Positively Sex: Gushing with potential

In 2014, the UK made a great stride forward for sexophobes everywhere by banning certain kinds of porn from being produced. In addition to spanking, facesitting and fisting, the new restrictions took issue with female ejaculation.

This came as a slight surprise to me. For one thing, I figured that anyone who thinks lives are regularly endangered by facesitting would think female ejaculation was a myth like Santa Claus. But it also touches on a problem with how we talk — or really how we don’t talk — about female bodies and sex. 

According to a 2014 meta-analysis of research on the topic, 10 to 54 per cent of women report experiencing a gush of fluid from the urethra during sex. That margin of error is enough to illustrate the shakiness of the research. It’s like if a friend invited you to coffee sometime between 9 a.m. and 8 p.m. — it’s hard to believe your friend actually wants to make it to coffee.

Up until quite recently, we couldn’t talk about the fluid either — we didn’t even know what it was. But in 2015, a French gynaecologist rounded up seven women who all reported producing liquid at orgasm. After providing a urine sample and confirming the emptiness of their bladders with a pelvic ultrasound, they stimulated themselves — alone or with assistance — until they were close to orgasm 25 to 60 minutes later. A second pelvic ultrasound revealed that their bladders had refilled. When they did cum, the fluid was collected. The final pelvic scan showed that their bladders had emptied again at orgasm.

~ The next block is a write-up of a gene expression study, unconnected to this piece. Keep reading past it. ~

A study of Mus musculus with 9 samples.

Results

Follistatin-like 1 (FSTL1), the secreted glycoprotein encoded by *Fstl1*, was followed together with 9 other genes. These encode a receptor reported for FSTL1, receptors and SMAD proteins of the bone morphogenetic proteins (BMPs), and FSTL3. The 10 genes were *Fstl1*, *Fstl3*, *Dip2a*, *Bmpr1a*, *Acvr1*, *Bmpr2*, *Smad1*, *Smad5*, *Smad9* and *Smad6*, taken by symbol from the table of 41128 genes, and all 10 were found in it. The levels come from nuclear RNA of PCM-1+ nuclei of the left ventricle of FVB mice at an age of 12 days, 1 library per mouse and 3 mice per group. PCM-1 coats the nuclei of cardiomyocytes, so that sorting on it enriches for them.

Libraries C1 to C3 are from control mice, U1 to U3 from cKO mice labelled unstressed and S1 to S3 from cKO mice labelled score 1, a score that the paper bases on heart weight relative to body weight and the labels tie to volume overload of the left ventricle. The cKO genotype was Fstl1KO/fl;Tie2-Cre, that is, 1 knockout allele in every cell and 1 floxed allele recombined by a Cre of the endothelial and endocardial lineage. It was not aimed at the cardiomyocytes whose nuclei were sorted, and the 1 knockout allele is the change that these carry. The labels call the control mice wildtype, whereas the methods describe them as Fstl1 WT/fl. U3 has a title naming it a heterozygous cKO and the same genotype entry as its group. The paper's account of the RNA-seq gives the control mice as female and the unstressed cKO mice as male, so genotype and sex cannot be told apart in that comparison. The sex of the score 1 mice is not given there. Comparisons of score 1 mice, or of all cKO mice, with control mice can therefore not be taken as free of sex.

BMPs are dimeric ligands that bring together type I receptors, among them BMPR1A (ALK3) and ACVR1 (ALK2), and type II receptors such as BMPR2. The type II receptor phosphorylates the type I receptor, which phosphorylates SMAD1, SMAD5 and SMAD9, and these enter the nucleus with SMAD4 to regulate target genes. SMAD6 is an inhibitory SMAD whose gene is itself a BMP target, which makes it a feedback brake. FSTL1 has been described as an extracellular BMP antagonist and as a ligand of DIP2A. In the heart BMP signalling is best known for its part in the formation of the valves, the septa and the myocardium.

A chemical analysis confirmed that there was almost no difference between that fluid and regular urine. Five of the samples also contained a little bit of PSA or prostatic-specific androgen. As the name suggests, it is produced in men’s prostates, but it’s also made in female Skene’s glands.

Skene’s glands — a.k.a. lesser vestibular glands, periurethral glands or the female prostate — are located on the front wall of the vagina, near the low end of the urethra. A 2002 study at the University of L’Aquila in Italy suggests that the location, anatomy and even the existence of these glands varies wildly from person to person, which probably explains the variability of the phenomenon — squirting may or may not happen, with a little or a lot of fluid, regularly or irregularly.

Before you let your summer camp fear of bed-wetting come back, don’t. First off, squirted urine is quite diluted. Second off, think about spit. There’s a huge difference between your barista spitting in your drink and a sloppy makeout session, but you're exchanging spit either way. The difference is context and consent. There is nothing inherently bad about bodily fluids.

To maximize your chances of being or seeing one of the 10-54 per cent, go for g-spot stimulation. You can do this by inserting your fingers palm-up and making a “come hither” motion until you feel a spongy spot on the front wall. As the area is stimulated, the tissue fills with blood and swells, feeling a little rougher as you go on. Female ejaculation is different from clitoral orgasm and may register as a kind of “I have to pee” feeling. Instead of holding back or forcing, relax and release.

And if you can’t squirt, can’t make somebody squirt or otherwise find squirting unavailable, don’t sweat it! It could be a matter of more practice, more time or maybe your body having a hard limit. Either way, you can probably think of a lot worse ways to spend an afternoon or two than learning what your body is capable of.